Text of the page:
After almost 6 weeks of design changes, I have finally settled on a set of components to make up the analog portion of my project. It is far from what I originally envisioned, as this board relies on an FPGA or high speed microcontroller to be externally driven.
With up to 36W of transmission power to the transducer and ~66dB of sensitivity, the receiving side has a significant risk of coupling to the high voltage, high frequency switching noise in the transmission side. By using (possibly excessive) via stitching, the LNA and ADC driver are both heavily isolated and a very low impedance ground path is provided near the centre of the board, so theoretically the lower half should be relatively immune to noise from the upper half.
The board itself is very basic, and pretty far from my original vision from the project. Its intended use is generating and amplifying chirp functions, then amplifying and sampling the reflections.
The board can be used to generate and transmit arbitrary frequencies as the DAC can be drived up to 180MHz (clock path should be kept as short as possible), the high current driver amplifies the signal to 36V pk-pk with a slew rate of over 2000V/us, so it is possible to use square waves and PWM. The transmit path has impedance matching for a 4MHz, 75mm^2 transducer, which can be bypassed with jumper resistor if needed. There is very little damping provided by the circuit, so it may be difficult to drive very short pulses, such as the ~150ns pulses allowed by the HV7360 and similar pulser ICs. This is acceptable for pulse compression as the envelope width is ~200us. For this reason, open-air demonstrations will be preferable to imaging steel or some other material that permits a very high speed of sound. Signals up to 0.5V are isolated from the transmit side via diodes, while the receive sideuses the MD0100 to provide over 100V of isolation for large signals.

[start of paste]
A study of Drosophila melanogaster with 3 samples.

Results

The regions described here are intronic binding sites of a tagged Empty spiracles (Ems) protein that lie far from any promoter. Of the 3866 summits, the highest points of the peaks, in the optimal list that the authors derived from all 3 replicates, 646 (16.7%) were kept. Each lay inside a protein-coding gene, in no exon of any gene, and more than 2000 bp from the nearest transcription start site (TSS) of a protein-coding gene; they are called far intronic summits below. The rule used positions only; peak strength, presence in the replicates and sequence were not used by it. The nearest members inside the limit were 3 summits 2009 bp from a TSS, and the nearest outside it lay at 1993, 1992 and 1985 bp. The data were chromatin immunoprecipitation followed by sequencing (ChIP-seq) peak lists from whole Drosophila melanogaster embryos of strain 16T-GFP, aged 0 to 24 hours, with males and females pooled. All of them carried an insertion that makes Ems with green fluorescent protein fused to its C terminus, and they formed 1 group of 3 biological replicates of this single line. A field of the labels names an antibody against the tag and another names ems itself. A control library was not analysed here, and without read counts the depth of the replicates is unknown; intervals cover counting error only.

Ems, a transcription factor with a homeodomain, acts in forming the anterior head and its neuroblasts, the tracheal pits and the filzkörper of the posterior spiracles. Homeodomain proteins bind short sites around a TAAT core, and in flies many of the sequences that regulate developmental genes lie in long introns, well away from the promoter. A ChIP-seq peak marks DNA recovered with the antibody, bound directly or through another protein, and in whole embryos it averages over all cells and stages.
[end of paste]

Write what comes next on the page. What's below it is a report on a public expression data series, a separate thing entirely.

The LNA uses a trimpot instead of a digitally controlled gain. This is one of the major departures from the original design, as this is only a demonstration board under which the transducer will operate at similar distances from objects. The LNA is then followed by an ADC driver, which is connected to a 20MSPS ADC.
For this reason, a high speed digital device is required for interfacing, even if it is only to prepare the signal for transmission to a faster board or computer.
I welcome any critiques but am not willing to share the schematics or more detailed layout files until the conclusion of the project, as this board was created under heavy time pressure and has numerous caveats, as already discussed. Still, I look forward to using it and hope it will provide good data for my demonstration day.
N.B. I somehow didn’t notice the pin headers were part of the silkscreen layer. I hope they are cropped off by the manufacturer, as there’s no copper below it in the GTL file.